I don’t like paper. You can probably tell that by my desk at school which tends to be cluttered. I don’t mind that too much (my Dad’s desk used to have a sign on his saying “A cluttered desk is a sign of genius”) but it’s unnecessary in this day and age. Most of the stuff I receive in my pigeon-hole I either look at, remember, then throw in the bin (yes, we are without a whole-school recycling scheme at present) or keep until a certain date, then throw away.
What we need is what a lot of schools already have: an effective email system coupled to organised document storage. The technology’s already within school, it’s just inertia and “we’ve always done it this way”-ness that’s standing in the way. Granted, an effort was made to have side=by-side electronic and paper bulletins with the idea to phase the latter out. But, guess what? Yep, network issues made that impossible.
In a Guardian article entitled Is the paperless school in sight? compiled by Merlin John, a realistic diagnosis is made and a way forward considered:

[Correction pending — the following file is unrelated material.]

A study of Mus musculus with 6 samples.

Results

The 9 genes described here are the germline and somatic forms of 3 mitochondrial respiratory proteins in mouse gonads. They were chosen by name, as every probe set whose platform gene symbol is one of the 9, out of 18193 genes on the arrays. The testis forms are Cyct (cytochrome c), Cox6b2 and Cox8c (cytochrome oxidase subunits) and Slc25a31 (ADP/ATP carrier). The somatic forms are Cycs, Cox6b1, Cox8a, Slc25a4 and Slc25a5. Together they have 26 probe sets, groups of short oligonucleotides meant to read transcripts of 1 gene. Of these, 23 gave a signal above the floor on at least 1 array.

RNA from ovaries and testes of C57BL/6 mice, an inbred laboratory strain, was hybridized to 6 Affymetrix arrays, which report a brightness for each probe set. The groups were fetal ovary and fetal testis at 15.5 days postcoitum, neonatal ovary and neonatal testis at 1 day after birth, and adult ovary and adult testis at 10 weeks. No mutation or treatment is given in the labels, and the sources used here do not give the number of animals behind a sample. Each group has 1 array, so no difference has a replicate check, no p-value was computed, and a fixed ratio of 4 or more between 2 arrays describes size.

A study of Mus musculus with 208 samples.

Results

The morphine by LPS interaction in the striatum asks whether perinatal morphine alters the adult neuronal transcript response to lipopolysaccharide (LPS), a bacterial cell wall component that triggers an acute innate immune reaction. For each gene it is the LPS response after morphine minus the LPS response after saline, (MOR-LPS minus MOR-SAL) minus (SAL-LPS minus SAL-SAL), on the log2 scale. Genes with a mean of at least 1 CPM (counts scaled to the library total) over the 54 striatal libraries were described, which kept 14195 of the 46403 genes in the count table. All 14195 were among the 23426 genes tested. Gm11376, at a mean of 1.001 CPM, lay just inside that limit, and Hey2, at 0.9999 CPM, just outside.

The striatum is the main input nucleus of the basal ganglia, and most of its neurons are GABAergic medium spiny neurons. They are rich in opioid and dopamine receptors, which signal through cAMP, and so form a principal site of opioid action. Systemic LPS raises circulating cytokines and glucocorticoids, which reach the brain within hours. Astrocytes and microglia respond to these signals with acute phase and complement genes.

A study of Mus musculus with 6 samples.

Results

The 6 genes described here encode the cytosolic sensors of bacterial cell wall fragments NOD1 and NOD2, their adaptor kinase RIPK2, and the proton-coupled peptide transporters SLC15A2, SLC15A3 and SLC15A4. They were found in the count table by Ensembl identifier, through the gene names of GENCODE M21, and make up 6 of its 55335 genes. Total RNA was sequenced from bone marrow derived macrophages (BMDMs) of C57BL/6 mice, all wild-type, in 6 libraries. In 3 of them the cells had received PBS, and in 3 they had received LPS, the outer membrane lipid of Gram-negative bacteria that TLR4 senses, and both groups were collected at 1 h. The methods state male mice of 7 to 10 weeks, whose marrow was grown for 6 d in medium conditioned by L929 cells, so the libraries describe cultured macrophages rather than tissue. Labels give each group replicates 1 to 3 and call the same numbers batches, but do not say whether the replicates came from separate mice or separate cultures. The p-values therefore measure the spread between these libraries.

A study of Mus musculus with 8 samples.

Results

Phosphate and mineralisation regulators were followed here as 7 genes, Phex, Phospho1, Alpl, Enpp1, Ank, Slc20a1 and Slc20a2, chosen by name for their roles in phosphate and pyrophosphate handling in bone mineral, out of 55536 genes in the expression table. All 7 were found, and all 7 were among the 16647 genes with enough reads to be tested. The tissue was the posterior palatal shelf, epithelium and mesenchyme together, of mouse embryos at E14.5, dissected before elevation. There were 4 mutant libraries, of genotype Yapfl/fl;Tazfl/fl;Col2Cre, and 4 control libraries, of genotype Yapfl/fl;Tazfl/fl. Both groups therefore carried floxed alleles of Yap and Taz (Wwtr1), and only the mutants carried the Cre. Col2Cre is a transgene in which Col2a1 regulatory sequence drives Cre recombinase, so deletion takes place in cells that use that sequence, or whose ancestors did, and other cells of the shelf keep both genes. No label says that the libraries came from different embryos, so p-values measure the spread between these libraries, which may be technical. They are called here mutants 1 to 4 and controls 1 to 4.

- In the case mentioned, a school was spending £20,000/year on photocopying, c.50% of which was memos to staff, etc.
- Schools have long-running contracts with photocopier firms, but these can support scanning in documents to place on the school network.
- Investing in laptops for students, wireless slates, etc. is expensive but, managed correctly, could bring cost savings in the long-term.
What I really hate about paper is that, although you can photocopy, to reproduce something in a way that can be manipulated you have to enter the data. Say someone’s produced an spreadsheet and printed it out for me. I might want to crunch the numbers in a different way. However, the original document is not accessible to me right now in anything other than paper format. You might say there’s OCR software, but get real. Teachers are some of the busiest people on the planet!